The Arctic’s largest ice shelf is breaking up. The Ward Hunt Ice Shelf is a remnant of the compacted snow and ancient sea ice that extended along the northern shores of Ellesmere Island in Northern Canada until the early twentieth century. Rising temperatures have reduced the original shelf into a number of smaller shelves, the largest of which was the Ward Hunt Ice Shelf on the northwest fringe of the island.
The Ward Hunt Ice Shelf encompasses Ward Hunt Island and covers the mouth of the Disraeli Fiord. Until recently, fresh melt water formed a 43-meter deep lake on top of almost 400 meters of seawater in the fiord. Called an epishelf lake, the relatively fresh water dammed by the 3000-year-old ice shelf became the basis of a rare ecosystem. Disraeli Fiord was the largest remaining epishelf lake in the Northern Hemisphere.
Between 2000 and 2002, the Ward Hunt Ice Shelf began to crack and eventually broke in two, allowing the lake behind it to drain rapidly into the Arctic Ocean. Derek Mueller and Warwick Vincent, of the Centre d’Etudes nordiques at Université Laval in Quebec, Canada and Martin Jeffries of the Geophysical Institute at the University of Alaska Fairbanks described the event in a paper published in Geophysical Research Letters on October 18, 2003.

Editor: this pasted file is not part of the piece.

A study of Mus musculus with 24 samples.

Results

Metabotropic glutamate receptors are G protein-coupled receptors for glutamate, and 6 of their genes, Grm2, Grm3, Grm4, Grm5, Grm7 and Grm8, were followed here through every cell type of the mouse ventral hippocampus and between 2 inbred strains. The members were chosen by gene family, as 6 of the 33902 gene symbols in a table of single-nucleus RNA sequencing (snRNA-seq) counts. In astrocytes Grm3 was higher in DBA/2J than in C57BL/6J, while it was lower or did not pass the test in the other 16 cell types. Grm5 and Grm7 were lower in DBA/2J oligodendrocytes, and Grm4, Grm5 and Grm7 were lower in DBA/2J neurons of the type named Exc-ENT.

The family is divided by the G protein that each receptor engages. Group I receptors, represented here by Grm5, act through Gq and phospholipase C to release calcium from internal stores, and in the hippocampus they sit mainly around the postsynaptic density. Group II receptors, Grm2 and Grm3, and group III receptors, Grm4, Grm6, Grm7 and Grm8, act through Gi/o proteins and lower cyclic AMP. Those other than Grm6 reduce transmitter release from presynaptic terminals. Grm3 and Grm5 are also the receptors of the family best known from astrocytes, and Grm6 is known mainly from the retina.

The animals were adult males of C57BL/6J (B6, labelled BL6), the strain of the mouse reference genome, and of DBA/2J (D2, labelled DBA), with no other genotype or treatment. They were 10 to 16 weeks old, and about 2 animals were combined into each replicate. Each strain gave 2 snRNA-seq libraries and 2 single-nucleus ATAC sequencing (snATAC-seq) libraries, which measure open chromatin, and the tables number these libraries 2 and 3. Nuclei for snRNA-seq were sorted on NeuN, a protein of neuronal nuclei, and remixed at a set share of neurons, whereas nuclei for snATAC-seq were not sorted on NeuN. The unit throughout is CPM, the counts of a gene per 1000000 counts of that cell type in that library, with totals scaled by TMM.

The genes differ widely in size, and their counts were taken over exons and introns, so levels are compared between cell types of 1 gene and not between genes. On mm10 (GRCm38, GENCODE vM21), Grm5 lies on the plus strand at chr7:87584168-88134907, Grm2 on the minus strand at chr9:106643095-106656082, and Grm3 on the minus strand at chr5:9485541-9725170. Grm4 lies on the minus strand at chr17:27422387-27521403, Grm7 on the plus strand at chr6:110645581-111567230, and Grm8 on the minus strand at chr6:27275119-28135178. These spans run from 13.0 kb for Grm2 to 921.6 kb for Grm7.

These true-color Moderate Resolution Imaging Spectroradiometer (MODIS) images captured by the Terra satellite track the deterioration of the shelf in 2002. On August 7, 2002, (top) the ice shelf appears much as it did in all prior images. Though the shelf had already cracked and the lake was draining, the changes were not visible in MODIS images. The next MODIS image, taken on August 16, shows that a large chunk of ice is missing from the northern side of the shelf, to the right of the island. Mueller, et al. note that RADARSAT images likewise show that a section of the shelf broke away sometime between August 6 and August 11, though they suspect that a number of small ice islands calved off the shelf rather than one large iceberg. The MODIS image taken on August 7 narrows the time window of the event even further.
All images provided above are at MODIS’ maximum spatial resolution of 250 meters per pixel.
Images courtesy Jacques Descloitres, MODIS Rapid Response Team at NASA GSFC. Image interpretation provided by Derek Mueller and Warwick Vincent, Centre d’Etudes nordiques, Université Laval in Quebec, Canada and Martin Jeffries, Geophysical Institute, University of Alaska Fairbanks in Fairbanks, Alaska.